A True Story: part 2

We live in an age of exaggeration. People say “I almost died,” over a paper cut, and “I rocked!” when they didn’t. Which is why I always had the feeling no one believed me when I told them what Cosmo looked like that first day.

Cosmopolitan, eighteen hands high (that’s six feet even at the shoulder), sired by an Olympic stallion, shown through second level and trained through Prix St. George, was never destined for the Olympics. Genetics guarantee nothing. But he was a beautiful, high-dollar show horse, talented and intelligent. When his owner called looking for boarding, he’d been out of training for over a year due to an injury. It was a sure bet he’d never show again, doubtful if he could even be ridden, and he’d been retired on a farm where neither owner nor trainer visited him. He’d also been starved, nearly to death, and his owner was panicked about finding a place to stable him where he would actually be fed.

Cosmo, my mom informed me when she picked me up from school on the day of his arrival, looked like a Holocaust survivor. There was a buzz at the farm, a low-pitched hum that was emanating from the last paddock up the driveway because everyone was tear-choked and shocked by the “fancy dressage horse” who’d arrived earlier that afternoon. The vet had come and gone and left a list of the animal’s emergency nutritional needs and Cosmo’s owner had logged her credit card at the feed store and told my mom to, “get him whatever he needs.”

I was the only one who hadn’t seen him, and was dying to. Mom handed me a halter so long it could have hung around my neck and tripped up my feet and said that, even though I was twelve and tiny, it would be okay for me to bring him in by myself because he was, “too weak to misbehave.”

All the way up the driveway and there he was, nibbling feebly at the sandy grass just inside the gate, big as a brontosaurus with hooves the size of dinner plates. And he was ruined. Whatever he’d been before, however brilliant he’d been, he was completely, devastatingly ruined.

People say “skin and bones,” and it’s only true half the time. Cosmo was skin and bones. His massive knees and hocks, the knobby vertebrae in his neck, the hollows of his pelvis, each smoothly curved rib was stark beneath the leathery, too tight skin stretched over them. His hair was gone – a few tufts of red bay stubble clung to his belly and shoulders, but the widespread rain rot on his back and hips and face had taken away his coat. The fungal infection was so bad that half-dollar size crusty barnacles pocked his flanks. His huge mule ears flopped lifeless on either side of his head.

His “injury” – that we would later learn the truth of – was a great sunken cavity beneath his tail and dock: the meat and muscle of his hindquarters wasn’t merely atrophied, it was gone, surgically removed after a massive hemorrhage.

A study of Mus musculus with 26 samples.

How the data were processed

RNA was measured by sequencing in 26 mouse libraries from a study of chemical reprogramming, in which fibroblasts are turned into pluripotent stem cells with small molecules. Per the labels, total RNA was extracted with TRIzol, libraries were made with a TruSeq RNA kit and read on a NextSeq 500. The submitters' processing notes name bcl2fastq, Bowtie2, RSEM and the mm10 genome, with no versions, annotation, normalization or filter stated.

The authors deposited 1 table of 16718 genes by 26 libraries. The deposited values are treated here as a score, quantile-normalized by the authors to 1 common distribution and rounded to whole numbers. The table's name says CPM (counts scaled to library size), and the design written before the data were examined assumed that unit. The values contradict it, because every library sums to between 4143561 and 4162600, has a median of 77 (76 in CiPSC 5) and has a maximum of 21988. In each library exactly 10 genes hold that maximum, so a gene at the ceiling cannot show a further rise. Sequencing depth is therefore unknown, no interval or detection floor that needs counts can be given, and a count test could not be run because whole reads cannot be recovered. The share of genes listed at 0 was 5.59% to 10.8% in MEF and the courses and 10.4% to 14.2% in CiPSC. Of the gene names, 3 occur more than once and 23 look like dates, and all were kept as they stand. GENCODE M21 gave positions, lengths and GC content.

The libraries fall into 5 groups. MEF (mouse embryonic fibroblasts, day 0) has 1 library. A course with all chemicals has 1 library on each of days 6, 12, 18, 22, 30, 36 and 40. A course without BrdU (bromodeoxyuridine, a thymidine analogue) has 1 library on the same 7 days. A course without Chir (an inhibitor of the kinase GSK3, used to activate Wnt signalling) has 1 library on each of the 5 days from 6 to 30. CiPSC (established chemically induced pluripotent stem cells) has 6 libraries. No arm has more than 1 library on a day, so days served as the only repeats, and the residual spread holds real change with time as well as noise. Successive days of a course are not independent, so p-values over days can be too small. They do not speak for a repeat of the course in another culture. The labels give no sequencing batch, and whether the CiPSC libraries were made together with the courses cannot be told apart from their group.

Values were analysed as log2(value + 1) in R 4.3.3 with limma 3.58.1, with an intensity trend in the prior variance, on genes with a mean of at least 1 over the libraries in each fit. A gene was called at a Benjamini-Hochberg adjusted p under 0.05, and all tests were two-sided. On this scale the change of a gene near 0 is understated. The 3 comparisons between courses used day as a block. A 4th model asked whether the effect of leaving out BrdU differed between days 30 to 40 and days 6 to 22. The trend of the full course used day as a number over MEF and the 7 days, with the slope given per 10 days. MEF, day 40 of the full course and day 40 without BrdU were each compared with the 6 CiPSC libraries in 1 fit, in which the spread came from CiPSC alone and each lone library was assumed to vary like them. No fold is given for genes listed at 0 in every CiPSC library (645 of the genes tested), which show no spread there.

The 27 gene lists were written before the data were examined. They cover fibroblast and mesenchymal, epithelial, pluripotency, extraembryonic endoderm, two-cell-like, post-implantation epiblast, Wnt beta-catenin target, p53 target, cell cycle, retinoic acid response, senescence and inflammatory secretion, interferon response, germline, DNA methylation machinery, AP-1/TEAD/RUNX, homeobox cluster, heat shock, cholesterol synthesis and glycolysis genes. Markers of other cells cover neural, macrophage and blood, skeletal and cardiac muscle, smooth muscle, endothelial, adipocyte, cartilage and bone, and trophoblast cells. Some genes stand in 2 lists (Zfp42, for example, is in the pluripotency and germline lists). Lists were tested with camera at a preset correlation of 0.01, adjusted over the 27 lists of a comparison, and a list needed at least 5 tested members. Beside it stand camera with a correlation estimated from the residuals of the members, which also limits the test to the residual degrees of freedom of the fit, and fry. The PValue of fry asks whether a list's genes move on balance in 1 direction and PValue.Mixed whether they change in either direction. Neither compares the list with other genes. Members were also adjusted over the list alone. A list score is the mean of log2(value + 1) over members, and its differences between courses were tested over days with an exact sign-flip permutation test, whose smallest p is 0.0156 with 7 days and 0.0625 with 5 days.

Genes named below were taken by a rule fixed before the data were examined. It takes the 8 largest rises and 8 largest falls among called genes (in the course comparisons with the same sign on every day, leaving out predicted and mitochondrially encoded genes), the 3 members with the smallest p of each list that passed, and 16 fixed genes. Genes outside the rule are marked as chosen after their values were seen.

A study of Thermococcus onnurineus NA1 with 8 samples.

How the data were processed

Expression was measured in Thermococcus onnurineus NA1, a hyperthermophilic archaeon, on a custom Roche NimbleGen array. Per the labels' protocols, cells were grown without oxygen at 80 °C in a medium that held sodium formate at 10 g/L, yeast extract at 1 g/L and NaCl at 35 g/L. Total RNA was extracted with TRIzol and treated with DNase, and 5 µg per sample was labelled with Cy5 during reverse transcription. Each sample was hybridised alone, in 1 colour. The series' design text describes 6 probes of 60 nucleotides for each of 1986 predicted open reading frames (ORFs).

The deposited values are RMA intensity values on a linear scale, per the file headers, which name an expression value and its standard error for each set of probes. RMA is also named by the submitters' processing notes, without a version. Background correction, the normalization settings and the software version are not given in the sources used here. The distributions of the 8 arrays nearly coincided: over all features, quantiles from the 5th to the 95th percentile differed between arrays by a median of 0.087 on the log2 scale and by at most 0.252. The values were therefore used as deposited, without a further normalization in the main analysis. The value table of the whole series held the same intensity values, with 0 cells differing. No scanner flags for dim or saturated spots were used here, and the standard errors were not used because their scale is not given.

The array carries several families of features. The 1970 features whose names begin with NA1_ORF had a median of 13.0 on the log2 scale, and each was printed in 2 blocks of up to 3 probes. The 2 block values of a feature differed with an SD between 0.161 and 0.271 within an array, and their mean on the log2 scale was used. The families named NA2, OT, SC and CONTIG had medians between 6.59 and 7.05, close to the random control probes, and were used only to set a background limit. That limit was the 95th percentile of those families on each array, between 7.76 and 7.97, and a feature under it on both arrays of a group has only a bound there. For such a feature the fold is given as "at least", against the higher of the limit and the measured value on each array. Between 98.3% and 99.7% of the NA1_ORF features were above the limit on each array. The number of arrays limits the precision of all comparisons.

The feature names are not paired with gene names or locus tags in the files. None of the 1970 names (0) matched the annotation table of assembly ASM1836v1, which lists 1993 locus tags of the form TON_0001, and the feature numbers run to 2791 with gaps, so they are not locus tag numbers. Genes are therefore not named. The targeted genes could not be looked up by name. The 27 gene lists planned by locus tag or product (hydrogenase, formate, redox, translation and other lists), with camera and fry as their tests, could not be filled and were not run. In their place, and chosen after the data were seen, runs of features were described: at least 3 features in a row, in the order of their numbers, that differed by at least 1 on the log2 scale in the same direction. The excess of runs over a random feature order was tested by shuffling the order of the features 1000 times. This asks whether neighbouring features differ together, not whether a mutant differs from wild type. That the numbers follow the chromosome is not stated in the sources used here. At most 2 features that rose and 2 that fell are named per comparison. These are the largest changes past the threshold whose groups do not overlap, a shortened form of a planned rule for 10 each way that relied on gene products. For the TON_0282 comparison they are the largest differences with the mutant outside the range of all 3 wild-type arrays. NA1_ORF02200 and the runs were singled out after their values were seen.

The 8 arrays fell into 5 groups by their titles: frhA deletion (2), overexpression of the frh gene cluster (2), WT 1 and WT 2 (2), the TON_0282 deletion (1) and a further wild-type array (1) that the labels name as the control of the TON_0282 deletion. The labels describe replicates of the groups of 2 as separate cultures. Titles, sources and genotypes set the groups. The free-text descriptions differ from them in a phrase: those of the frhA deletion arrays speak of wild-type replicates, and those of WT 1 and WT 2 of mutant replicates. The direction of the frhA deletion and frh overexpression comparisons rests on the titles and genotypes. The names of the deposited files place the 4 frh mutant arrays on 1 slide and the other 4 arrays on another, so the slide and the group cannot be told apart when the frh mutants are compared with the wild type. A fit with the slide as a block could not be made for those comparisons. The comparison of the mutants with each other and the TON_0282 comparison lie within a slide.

I didn’t cry, like so many people did, but the sight of him was sobering. He was nothing but bone, hide, and the muscle it required to stand upright. He didn’t even look alive.

When I went into the paddock to halter him that first time, he didn’t see me, his eyes like glass, and for one long moment that smelled like the stink of his rotting skin, I wondered how I could slide the halter over his head because he was much, much too tall for me to reach. He was taller than any horse at the farm. Taller than any horse I’d ever been in the presence of save Budweiser Clydesdales. He let me walk up to him and touch the end of his nose, and then slowly, like the effort of doing so might make him collapse, he lowered his mammoth head, pressed the white star between his eyes against my chest, and his brown, glass eyes blinked while I haltered him. It was the first, but not the last time he’d help me, and I walked backward down the drive in front of him as we began the arduous journey to his stall, awestruck.

His owner had tears in her eyes when she talked about the trust she’d placed in the farm that had almost killed him, the money she’d paid them for the mass amounts of food he consumed daily. She was not a rider, but an owner and benefactor, and her guilt was palpable.

“He won’t ever look like this again,” my mom promised her, and he never did.


  1. How could he get so skinny without someone complaining about it? No one called the authorities on this other farm? Just curious.

    1. No, sadly, no one brought attention to his condition. I don't know the exact scenario, or if there was anyone in his life who could have been of help down at that farm, but it's sad, isn't it?